Charles Herman Older… (Judge)
Charles Herman “Chuck” Older (September 29, 1917 – June 17, 2006)
Charles Herman Older (September 29, 1917 – June 17, 2006) was the judge in the Charles Manson murder trial.
Charles Herman Older, born on September 29, 1917 in Hanford, California, was the no nonsense judge in the Charles Manson murder trial.
Older earned a degree in political science from the University of California Los Angeles in 1939 and later graduated from University of Southern California law school. He died on June 17, 2006 at the age of 88 of complications from a fall in his home in West Los Angeles.
Once a World War II fighter ace, Older found himself the ringmaster of a 22-week trial that began on July 24, 1970, and seized the attention of the world as the testimony went from LSD to sex and even unspeakable violence.
The trial spun from dramatic to ridiculous to frightening, with defendant Charles Manson carving an “X” on his forehead and altering it over time until it became a swastika. Other defendants, Patricia Krenwinkel, Leslie Van Houten and Susan Atkins, all copied him. At times, they chanted rhythmically, occasionally in Latin.
Several times, Judge Older banished the defendants from the courtroom for “raucous” behavior and set up a monitor system so they could watch from nearby cells.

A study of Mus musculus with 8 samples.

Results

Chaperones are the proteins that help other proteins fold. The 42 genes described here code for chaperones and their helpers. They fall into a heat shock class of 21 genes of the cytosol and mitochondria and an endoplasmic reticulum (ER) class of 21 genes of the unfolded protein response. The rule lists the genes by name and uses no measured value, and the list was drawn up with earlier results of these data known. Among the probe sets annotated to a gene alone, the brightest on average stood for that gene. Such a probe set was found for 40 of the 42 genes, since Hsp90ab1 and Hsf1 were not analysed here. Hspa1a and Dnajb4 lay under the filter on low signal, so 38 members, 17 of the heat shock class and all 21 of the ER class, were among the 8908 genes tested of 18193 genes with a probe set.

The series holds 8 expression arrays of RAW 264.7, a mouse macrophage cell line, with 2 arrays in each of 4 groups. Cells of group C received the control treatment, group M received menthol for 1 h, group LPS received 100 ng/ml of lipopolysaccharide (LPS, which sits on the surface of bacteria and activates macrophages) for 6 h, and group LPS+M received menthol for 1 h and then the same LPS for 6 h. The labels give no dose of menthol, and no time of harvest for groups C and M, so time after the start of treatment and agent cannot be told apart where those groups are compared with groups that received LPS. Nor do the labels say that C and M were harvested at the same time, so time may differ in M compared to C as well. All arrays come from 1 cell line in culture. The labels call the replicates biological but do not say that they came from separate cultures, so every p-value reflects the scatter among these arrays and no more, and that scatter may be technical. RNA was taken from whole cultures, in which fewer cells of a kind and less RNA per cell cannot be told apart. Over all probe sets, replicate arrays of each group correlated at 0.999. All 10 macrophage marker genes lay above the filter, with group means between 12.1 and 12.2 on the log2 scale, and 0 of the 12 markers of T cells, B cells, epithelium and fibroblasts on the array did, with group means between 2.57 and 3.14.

On Oct. 5, 1970, Charles Manson jumped headfirst from the defense table toward the judge’s bench. After a husky deputy sheriff threw himself across the table to subdue him, Mr. Manson snarled,
“In the name of Christian justice, someone should cut your head off.”
Throughout the trial, Judge Older spoke so softly that people strained to hear him. His rulings were usually a simple “sustained” or “denied.” Sessions began at the appointed hour, on the dot. “He presided over the trial in a very firm, dignified way, and he tried to be fair to both sides, with no preexisting bias,” said Vincent Bugliosi, the prosecutor in the Manson trial.
After graduating from UCLA in 1939, Older joined the Marine Corps Reserve but later resigned his commission and joined the Flying Tigers, a covert group of American pilots recruited by Claire Lee Chennault to fly for the Chinese government in its war with Japan.
Chennault “was a hard-bitten character who knew what he was there for and how to beat the Japanese,” Older recalled in a 1991 Times article. “I can’t recall anybody who I would rather have as our group leader than Chennault.”
According to his family, Older had more than 18 enemy kills, and was the third highest-scoring Flying Tiger ace. Later, Older served as a major in the Army Air Forces, fighting in the China-Burma Theater.
In 1943, Older married Catherine Day. The couple had three daughters: Catherine Lapat of Port Townsend, Wash.; Nancy Yarbrough of Henderson, Nev.; and Victoria Currie of La Jolla. Older’s wife and daughters survive him.
In 1952, after serving in the Korean War, he received his law degree from USC and, in 1967, then Governor Ronald Reagan appointed Older to the bench.